NewsBits: MongoDB to Go its own way

Welcome to NewsBits where you’ll find the database, cloud, and developer news from around the net for the week ending January 12th 2018:

  • MongoDB
    plans to Go
    its own way.
  • The latest Updates
    for MongoDB and etcd.
  • PostgreSQL
    arrives on Twitter
  • Updates on Meltdown/Spectre
    and how it is affecting databases.
  • What’s next for DBAs
    ?
  • New DBs: ViyaDB
    ‘s in-memory analytics.
  • SSHing with Github credentials in Teleport
    2.4.
  • JavaScript
    ‘s semicolon debate is back.
  • Uses for AI
    ? Meet the cheery list of examples.
  • And finally: a bridge between over 40 years of networking history…

And now, those NewsBits in full:

Database Bits

MongoDB and Go: MongoDB has announced
their plans to develop their own Go driver for MongoDB. Go has been served by the mgo
driver for some time. MongoDB use mgo in many of their tools. It does appear though that development has stalled on mgo; the last release was in 2015. MongoDB say they are eager to get a driver in line with other language’s official MongoDB drivers and for that reason have begun their own development of an open source driver. There’s no code to see yet though; an alpha is due “in the coming months”.

MongoDB Updates: A minor update for MongoDB 3.6, 3.6.2, came out this week. Bug fixes for changestreams, mongoshell and collection cloning are included according to the release notes
.

etcd Updates: More etcd updates have landed with 3.2.14
and a fresh release candidate 2
for the forthcoming 3.3.

PostgreSQL: The PostgreSQL community has announced
an official Twitter presence as @postgresql
. It’s a manually curated feed of PostgreSQL content.

Meltdown/Spectre: More benchmarking is coming in of database performance post the Meltdown/Spectre patches being applied. In two articles from 2nd Quadrant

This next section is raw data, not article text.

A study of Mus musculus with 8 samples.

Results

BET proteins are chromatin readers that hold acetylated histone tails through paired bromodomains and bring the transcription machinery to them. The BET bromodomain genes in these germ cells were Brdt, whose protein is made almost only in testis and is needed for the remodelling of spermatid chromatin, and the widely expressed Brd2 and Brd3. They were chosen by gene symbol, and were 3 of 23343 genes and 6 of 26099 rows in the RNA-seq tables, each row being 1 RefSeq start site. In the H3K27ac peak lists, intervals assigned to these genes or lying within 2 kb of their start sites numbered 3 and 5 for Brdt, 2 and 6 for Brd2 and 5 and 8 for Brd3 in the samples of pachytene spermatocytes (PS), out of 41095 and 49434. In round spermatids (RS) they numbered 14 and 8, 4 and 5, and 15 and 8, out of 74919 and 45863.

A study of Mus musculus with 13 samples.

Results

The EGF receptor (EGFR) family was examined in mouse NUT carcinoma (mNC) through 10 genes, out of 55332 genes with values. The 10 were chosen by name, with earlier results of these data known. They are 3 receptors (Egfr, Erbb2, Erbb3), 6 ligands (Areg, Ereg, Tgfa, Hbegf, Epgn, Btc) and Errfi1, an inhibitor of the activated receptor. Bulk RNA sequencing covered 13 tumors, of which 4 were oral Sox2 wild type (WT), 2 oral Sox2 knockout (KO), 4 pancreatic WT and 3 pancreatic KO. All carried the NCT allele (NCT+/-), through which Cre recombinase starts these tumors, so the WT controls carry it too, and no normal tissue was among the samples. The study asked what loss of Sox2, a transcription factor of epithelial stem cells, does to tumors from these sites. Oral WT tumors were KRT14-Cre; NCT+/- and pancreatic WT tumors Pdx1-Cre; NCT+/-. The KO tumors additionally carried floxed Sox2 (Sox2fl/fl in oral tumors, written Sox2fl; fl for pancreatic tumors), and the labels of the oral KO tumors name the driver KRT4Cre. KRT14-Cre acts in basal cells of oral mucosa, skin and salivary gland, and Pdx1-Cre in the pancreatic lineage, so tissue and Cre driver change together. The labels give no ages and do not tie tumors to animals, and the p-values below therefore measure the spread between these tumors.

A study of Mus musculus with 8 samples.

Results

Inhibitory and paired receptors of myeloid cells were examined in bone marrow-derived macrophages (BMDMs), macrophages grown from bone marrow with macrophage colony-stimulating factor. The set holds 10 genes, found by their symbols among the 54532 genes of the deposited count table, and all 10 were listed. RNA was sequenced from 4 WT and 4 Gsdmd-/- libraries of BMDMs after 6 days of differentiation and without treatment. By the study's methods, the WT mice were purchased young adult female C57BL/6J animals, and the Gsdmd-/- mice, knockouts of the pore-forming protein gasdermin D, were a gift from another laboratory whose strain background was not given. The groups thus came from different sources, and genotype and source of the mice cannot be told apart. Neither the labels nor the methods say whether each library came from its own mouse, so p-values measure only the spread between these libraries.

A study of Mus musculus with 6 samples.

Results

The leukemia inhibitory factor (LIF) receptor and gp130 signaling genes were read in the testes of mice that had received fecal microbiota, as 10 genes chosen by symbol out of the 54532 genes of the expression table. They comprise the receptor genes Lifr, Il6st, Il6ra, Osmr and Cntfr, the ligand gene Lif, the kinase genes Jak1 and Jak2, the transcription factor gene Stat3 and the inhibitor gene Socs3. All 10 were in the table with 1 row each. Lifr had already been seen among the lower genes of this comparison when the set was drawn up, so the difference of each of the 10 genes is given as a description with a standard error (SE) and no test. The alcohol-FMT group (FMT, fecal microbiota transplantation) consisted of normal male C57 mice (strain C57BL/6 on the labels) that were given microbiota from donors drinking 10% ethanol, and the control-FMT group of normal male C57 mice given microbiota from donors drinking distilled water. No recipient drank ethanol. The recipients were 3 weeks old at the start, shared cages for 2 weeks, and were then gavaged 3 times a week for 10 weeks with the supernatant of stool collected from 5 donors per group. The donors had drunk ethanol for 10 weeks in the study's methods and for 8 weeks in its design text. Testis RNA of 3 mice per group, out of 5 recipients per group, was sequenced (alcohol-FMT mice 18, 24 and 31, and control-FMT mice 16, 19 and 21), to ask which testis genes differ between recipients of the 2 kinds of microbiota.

and Dataegret
, synthetic benchmarks show, with a correctly patched system around 5-7% performance impact. ScyllaDB benched Scylla’s Meltdown/Spectre
response seeing something closer to 5% performance impact. This 5% figure seems to be the norm for well patched systems and the original advice to replace your CPUs from CERT is now apply updates
.

DBAs: Are you a Database Administrator? Redmonk’s Stephen O’Grady asks
Whither the DBA

. In it he looks at how that role may be changing in a shift something like that which happened to development and ops to bring about devops.

ViyaDB: Another database to add to your list, ViyaDB
is an open source, in-memory, columnar data store for analytics with a REST and basic SQL interface. It’s development was driven by a pragmatic need to analyze mobile application user activity
and it can work into Apache Spark. An interesting bit of niche filling.

Developer Bits

Teleport 2.4: The open source SSH server Teleport
has been updated
and now includes the ability to use Github credentials for OAuth authentication. Github is where you’ll find the open source version of Teleport
.

JavaScript: It’s back! The debate about semicolons in JavaScript that is. Semicolons have always been an optional thing in JavaScript code with ASI (automatic semicolon insertion) working out where to add them in. After a TC 39 proposal
suggested “consistently explicit semicolon use is recommended”, a discussion over wether ASI is a good or bad thing has reignited with the father of JavaScript, Brendan Eich objecting
. The short version is ASI isn’t going away, but future ECMAScript/JavaScript developments may require that users be explicit with semicolons when those features are being used.

AI: When someone asks what can you use AI for, the list over at poo.ai
is actually a good starting place. It organizes reports of AI applications by category and then rates them as “Crushing it”, “Competent” and “Getting There”. There’s everything from directing a panel game and spotting fake news to juggling balls and improving Wifi performance.

And finally- We like a bit of computing history here, especially when its brought back to life. Back in 1973, the Xerox Alto pioneered networking with an original 3Mbps Ethernet over coaxial cable. As part of a Xerox Alto restoration, Ken Shirriff has been building a gateway to that 3Mb/s Ethernet using a Beaglebone
. It was a mighty challenge but now some of the earliest Ethernet based machines can, over 40 years on, talk to modern systems.

NewsBits. News in bits, every Friday at Compose.